On August 6, the United States Court of Appeals for the Fourth Circuit affirmed a federal district court decision invalidating South Carolina’s statute banning automated calls for commercial or political purposes. The statute, enacted in 1991, restricted unsolicited automated calls “made for consumer, political, or other purposes.” All qualifying automated calls were prohibited with exceptions only “based on express or implied consent of the called party.” Violations constituted misdemeanor offenses, and carried fines from $200 to $500 or up to 30 days in prison.
Robert Cahaly, a “self-described Republican political consultant,” was arrested in 2010 for alleged violations of the South Carolina law. Cahaly placed automated calls in six South Carolina state legislative districts on September 23, 2010, targeting Democratic incumbents prior to the November 2010 elections. After one of the targeted incumbents complained, a state judge issued six arrest warrants for Cahaly. Cahaly turned himself in, and after being released, filed suit challenging the state law’s constitutionality.
The district court declared the law unconstitutional due to “its underinclusiveness and its singling out of commercial and political speech” in order to protect residential privacy. The Fourth Circuit agreed, citing the United States Supreme Court’s recent 2015 decision in Reed v. Town of Gilbert, finding that the “statute is a content-based regulation that does not survive strict scrutiny.”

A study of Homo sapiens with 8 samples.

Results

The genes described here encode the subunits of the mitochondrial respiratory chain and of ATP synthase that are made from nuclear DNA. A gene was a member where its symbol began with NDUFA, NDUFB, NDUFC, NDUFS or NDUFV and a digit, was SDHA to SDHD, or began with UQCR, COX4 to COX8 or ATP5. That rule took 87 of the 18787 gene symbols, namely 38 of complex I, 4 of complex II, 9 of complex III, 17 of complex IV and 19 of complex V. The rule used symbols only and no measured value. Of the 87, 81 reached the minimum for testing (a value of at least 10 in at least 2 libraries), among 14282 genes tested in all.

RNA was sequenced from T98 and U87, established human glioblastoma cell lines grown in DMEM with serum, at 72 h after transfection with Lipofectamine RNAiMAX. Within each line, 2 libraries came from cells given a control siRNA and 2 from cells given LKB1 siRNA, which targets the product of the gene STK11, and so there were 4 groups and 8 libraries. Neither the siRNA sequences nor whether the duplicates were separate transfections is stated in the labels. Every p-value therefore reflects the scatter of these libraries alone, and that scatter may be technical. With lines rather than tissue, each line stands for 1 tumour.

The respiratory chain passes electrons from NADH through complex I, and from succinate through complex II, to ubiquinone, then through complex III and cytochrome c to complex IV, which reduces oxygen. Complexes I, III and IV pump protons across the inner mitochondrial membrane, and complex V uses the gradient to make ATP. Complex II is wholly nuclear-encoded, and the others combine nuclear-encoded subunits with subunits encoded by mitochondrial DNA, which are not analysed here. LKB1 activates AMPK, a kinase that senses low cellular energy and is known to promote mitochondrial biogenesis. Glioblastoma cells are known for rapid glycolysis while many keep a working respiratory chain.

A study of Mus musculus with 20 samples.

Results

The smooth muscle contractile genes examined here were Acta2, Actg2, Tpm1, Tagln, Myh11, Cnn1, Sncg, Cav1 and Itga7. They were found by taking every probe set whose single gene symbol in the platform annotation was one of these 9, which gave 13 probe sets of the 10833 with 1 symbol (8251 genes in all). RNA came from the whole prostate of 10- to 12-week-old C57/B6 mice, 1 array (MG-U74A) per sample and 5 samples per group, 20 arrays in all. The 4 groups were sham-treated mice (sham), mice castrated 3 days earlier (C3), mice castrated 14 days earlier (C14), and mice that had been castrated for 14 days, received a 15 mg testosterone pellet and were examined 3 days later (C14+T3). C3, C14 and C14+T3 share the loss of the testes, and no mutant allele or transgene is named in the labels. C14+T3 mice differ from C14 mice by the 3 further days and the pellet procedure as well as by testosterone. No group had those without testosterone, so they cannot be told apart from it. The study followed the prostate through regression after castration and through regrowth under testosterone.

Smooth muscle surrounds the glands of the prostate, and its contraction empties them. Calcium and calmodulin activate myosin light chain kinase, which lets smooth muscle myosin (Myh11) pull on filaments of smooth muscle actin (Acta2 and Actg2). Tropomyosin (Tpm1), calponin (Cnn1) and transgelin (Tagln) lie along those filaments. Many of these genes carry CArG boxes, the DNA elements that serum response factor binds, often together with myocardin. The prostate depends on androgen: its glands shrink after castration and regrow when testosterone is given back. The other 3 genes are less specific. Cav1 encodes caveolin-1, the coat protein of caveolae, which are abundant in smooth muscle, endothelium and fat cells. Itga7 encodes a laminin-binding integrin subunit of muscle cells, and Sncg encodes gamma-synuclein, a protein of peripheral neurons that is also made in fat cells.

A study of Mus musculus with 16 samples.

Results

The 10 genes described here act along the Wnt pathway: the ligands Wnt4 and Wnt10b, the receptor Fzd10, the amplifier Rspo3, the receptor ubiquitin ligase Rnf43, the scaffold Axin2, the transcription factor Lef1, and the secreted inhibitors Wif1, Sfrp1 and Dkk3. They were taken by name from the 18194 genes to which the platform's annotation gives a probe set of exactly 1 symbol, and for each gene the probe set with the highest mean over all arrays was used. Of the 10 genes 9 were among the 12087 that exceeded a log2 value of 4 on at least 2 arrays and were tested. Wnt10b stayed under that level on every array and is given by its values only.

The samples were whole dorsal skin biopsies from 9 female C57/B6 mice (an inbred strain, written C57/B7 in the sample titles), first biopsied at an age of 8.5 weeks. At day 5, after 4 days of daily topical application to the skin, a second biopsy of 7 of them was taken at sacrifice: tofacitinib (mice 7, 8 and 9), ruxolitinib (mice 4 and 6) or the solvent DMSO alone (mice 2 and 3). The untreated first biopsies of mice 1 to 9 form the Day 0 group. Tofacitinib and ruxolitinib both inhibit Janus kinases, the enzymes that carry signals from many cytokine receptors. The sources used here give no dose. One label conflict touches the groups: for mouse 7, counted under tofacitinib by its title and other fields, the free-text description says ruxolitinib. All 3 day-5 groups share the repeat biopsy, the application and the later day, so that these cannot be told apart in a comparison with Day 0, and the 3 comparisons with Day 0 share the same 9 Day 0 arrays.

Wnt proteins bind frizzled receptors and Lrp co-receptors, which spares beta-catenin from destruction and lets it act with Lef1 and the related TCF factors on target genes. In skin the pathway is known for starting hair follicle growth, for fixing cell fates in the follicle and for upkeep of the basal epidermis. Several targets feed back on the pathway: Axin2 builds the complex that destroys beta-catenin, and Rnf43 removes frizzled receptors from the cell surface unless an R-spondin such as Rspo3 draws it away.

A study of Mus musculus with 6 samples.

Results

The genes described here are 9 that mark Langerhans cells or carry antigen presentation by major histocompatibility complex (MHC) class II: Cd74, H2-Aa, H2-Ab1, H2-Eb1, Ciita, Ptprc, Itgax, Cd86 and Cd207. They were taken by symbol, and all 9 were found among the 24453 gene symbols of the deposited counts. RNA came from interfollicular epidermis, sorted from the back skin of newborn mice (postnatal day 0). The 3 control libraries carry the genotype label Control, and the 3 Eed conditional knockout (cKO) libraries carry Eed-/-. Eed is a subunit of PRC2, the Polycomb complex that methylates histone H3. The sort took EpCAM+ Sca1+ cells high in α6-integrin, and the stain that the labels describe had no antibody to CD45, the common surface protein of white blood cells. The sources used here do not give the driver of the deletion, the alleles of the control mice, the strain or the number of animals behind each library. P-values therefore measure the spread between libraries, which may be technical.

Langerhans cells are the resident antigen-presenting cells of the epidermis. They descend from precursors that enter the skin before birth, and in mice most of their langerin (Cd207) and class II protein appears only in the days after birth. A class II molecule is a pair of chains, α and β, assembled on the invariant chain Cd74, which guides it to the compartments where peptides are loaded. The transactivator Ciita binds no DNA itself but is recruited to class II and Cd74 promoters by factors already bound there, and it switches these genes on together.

Under the strict scrutiny standard, South Carolina had to prove “that the restriction furthers a compelling interest and is narrowly tailored to achieve that interest.” The Fourth Circuit did not agree that the law was narrowly tailored, referencing “less restrictive alternatives includ[ing] time-of-day limitations, mandatory disclosure of the caller’s identity, or do-not-call lists.” The Court also found that the law was overly inclusive in targeting political calls, despite consumer complaints finding commercial calls to be a “far bigger problem,” as well as underinclusive for restricting two categories of automated calls but allowing “unlimited proliferation of all other types.”
The decision may call into question the constitutionality of other states’ similar laws banning telemarketing with automatic telephone dialer systems as similarly impermissible content-based restrictions, but the Fourth Circuit’s reference to commercial calls as eliciting a much larger share of complaints is noteworthy.
Troutman Sanders LLP has unique industry-leading expertise regarding regulation of automatic telephone dialer systems, with experience gained trying cases to verdict and advising Fortune 50 companies regarding compliance strategy. We will continue to monitor regulatory and judicial interpretation in this area in order to identify and advise on potential risks.